Software vulnerabilities in a Hyundai Corp app that lets a car be started remotely made the company’s vehicles susceptible to theft from high-tech thieves for three months before the company fixed the bug in March, a cybersecurity firm said.
Hyundai introduced a flaw in a Dec. 8 update to the mobile app for its Blue Link connected car software that made it possible for car thieves to locate vulnerable vehicles, unlock and start them, said Tod Beardsley, research director with cyber security firm Rapid7 Inc.
Hyundai confirmed the bug’s existence and said it moved quickly to fix the problem.
Both the company and Beardsley said they knew of no cases of car thieves exploiting the vulnerability before Hyundai pushed out a fix to Android and iPhone users in early March.
“The issue did not have a direct impact on vehicle safety,” said Jim Trainor, a spokesman for Hyundai Motor America. “Hyundai is not aware of any customers being impacted by this potential vulnerability.”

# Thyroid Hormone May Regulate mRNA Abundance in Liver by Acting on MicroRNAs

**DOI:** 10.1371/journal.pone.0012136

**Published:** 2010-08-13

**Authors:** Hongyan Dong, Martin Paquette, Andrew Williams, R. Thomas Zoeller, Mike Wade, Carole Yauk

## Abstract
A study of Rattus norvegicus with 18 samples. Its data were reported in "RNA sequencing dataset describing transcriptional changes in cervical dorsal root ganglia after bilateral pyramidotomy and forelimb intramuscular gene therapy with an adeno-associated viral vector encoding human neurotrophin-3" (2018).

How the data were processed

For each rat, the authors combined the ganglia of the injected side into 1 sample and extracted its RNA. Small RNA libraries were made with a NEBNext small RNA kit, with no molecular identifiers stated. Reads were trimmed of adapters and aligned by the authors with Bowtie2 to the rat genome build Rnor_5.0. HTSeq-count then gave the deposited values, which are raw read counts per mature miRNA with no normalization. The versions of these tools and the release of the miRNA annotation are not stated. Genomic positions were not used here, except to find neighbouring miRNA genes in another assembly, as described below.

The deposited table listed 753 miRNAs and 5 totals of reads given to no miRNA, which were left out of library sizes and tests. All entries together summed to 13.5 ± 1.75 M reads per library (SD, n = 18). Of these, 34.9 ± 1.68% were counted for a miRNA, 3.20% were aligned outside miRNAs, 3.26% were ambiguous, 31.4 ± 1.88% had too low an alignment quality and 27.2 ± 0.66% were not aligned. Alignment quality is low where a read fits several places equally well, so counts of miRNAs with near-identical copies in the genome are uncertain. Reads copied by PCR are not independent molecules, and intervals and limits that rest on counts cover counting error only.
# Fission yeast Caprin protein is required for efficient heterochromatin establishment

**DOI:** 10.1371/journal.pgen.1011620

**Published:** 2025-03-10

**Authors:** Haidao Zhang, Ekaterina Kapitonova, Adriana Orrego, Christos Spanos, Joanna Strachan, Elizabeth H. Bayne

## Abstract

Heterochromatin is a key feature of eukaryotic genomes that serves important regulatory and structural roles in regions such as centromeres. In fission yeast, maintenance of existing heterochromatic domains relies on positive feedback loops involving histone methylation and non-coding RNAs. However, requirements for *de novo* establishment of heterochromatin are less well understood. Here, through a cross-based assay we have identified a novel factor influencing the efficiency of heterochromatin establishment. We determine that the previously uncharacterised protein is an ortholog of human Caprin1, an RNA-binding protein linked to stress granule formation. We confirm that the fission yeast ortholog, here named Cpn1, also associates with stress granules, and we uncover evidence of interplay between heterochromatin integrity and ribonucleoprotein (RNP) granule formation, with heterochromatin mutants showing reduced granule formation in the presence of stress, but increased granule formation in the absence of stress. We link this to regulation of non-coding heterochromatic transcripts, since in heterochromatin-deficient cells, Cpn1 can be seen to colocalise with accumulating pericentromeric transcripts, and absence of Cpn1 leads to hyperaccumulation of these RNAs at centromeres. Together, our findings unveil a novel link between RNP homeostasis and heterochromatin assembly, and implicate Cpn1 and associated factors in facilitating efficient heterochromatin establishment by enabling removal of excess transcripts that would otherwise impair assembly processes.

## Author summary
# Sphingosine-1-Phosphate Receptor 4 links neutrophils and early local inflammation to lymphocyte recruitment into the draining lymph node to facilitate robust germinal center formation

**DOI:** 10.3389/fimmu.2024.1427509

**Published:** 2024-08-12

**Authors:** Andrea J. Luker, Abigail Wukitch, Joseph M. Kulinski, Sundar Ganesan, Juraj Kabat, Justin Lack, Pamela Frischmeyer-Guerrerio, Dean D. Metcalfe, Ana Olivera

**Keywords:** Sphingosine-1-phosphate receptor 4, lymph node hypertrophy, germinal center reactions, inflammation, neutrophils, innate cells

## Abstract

The bug surfaced as the auto industry bolsters efforts to secure vehicles from cyber attacks, following a high-profile recall of Fiat Chrysler vehicles in 2015 and government warnings about the potential for car hacks. Risks have multiplied in recent years as cars have grown more complex, adding features like mobile apps that can locate, unlock and start them.
“What’s changed is not just the presence of all that hackable software, but the volume and variety of remote attack surfaces added to more recent vehicles,” said Josh Corman, director of the Atlantic Council’s Cyber Statecraft Initiative.
Fiat Chrysler recalled 1.4 million U.S. vehicles after two security researchers demonstrated that they could gain remote control of a Jeep travelling at high speeds.
The Blue Link bug is not as frightening as the ones uncovered in the Fiat Chrysler vehicles. Moving vehicles are not vulnerable to attacks using the Blue Link app, and a hacker would have to be near the target vehicle of an owner using the mobile app via an insecure WiFi connection, Beardsley said.
General Motors Co’s patched a similar bug in its OnStar vehicle communication system in 2015 that had the potential to let hackers break into cars.